Charles R. Goulding and Preeti Sulibhavi look at how media has stimulated the use of 3D printing for the sport of archery.
Hawkeye, the new Disney Plus TV serial, stars Jeremy Renner as Hawkeye, the Marvel Avenger master archer hero, along with Hailee Steinfeld, as his young archer sidekick. Other members of the all-star cast include, Vera Farmiga and Vincent D’Onofrio.
This engaging series should provide an additional boost to this popular sport which is growing in popularity for people of all ages. The previous Hunger Games movie series, which had box office sales of $3 billion and starred Jennifer Lawrence as an archer, also measurably increased interest in the archery category.
There are many examples of 3D printing applications for archery. Some examples include: bow, arrow, quiver (arrow case), bow slings, and accessories (i.e., arm guards, chest guards, gloves, spotting scopes, and targets).
Archery and 3D Printing
Archery involves aerodynamics and physics. In fact, the lighter the bow and less complicated the archery system, the easier to pull once drawing the bow. 3D printing provides highly complex designs with lightweight yet durable parts. Components in archery can be 3D printed for better quality, more efficient fabrication.
Among the most popular items to 3D print for archery are in fact bows. The Sharebot NG 3D printer has been used to prototype molds because it allows control, shape and geometry for bows. This allows bow personalization and customization for archery enthusiasts.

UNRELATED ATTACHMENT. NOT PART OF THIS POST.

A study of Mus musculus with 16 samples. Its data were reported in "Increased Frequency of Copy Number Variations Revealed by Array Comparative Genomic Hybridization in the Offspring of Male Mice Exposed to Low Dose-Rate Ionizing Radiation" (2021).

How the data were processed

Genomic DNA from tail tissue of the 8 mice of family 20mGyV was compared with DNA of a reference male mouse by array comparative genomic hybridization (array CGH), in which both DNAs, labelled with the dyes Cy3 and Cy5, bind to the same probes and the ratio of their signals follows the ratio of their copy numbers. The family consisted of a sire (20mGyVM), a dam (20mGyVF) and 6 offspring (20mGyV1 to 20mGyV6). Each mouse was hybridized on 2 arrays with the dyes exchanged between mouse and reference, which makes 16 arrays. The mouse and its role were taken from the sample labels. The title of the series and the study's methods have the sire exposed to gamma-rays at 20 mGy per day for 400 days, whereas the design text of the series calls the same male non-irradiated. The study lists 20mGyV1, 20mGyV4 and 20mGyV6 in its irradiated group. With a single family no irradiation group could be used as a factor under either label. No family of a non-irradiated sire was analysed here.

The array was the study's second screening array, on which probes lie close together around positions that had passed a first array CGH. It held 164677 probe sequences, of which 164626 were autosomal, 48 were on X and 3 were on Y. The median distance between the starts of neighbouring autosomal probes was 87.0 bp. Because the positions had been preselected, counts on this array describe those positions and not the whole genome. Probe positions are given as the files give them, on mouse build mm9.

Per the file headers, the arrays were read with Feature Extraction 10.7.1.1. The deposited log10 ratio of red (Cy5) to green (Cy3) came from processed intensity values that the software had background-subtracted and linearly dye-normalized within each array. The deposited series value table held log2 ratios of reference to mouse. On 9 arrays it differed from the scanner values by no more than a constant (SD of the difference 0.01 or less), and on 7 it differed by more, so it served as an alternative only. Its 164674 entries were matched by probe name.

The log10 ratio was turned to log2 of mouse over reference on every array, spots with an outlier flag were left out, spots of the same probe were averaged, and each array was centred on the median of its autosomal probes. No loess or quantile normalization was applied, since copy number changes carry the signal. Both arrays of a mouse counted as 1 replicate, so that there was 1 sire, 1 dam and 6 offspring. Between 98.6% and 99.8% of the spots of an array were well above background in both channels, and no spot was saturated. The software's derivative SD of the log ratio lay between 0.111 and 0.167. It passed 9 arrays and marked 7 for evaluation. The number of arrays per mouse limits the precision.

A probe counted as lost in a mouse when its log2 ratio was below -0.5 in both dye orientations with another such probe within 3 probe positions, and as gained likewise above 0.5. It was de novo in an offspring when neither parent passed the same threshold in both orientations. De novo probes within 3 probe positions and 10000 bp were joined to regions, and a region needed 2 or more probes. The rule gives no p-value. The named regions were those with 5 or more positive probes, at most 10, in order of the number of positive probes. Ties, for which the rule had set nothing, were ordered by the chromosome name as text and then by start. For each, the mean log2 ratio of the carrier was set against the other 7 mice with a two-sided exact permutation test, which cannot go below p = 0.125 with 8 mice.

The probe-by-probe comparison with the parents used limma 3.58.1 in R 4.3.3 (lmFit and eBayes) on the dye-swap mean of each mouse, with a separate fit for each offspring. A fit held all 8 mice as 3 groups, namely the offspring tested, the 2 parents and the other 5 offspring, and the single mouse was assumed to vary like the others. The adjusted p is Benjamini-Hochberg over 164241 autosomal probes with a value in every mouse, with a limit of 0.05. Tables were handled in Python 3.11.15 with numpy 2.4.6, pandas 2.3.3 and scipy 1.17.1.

Arrows need to be properly maintained and sharpened periodically. Grimm3D has a useful video on fabricating archery tools using 3D printing technology:
One example provided in the video is how to design and produce an arrow squaring tool.
There is a myriad of ways in which 3D printing can be utilized to fabricate archery components and accessories. 3D printing can also be used for archery items such as quivers and quiver mounts, arrow shafts and much more.
Korea’s archers got to gold at the Tokyo Olympics with help from Hyundai’s 3D printed grips. The Korean archery team dominated the 2020 Olympic games, with help from 3D printed grips that Hyundai fabricated.
The Research & Development Tax Credit
The now permanent Research and Development (R&D) Tax Credit is available for companies developing new or improved products, processes and/or software.
3D printing can help boost a company’s R&D Tax Credits. Wages for technical employees creating, testing, and revising 3D printed prototypes can be included as a percentage of eligible time spent for the R&D Tax Credit. Similarly, when used as a method of improving a process, time spent integrating 3D printing hardware and software counts as an eligible activity. Lastly, when used for modeling and preproduction, the costs of filaments consumed during the development process may also be recovered.
Whether it is used for creating and testing prototypes or for final production, 3D printing is a great indicator that R&D Credit eligible activities are taking place. Companies implementing this technology at any point should consider taking advantage of R&D Tax Credits.
Hawkeye has introduced many in the general public to the sport of archery. Those who are familiar with archery may already know that 3D printing has many roles to play in developing the sport and its wide-range usage.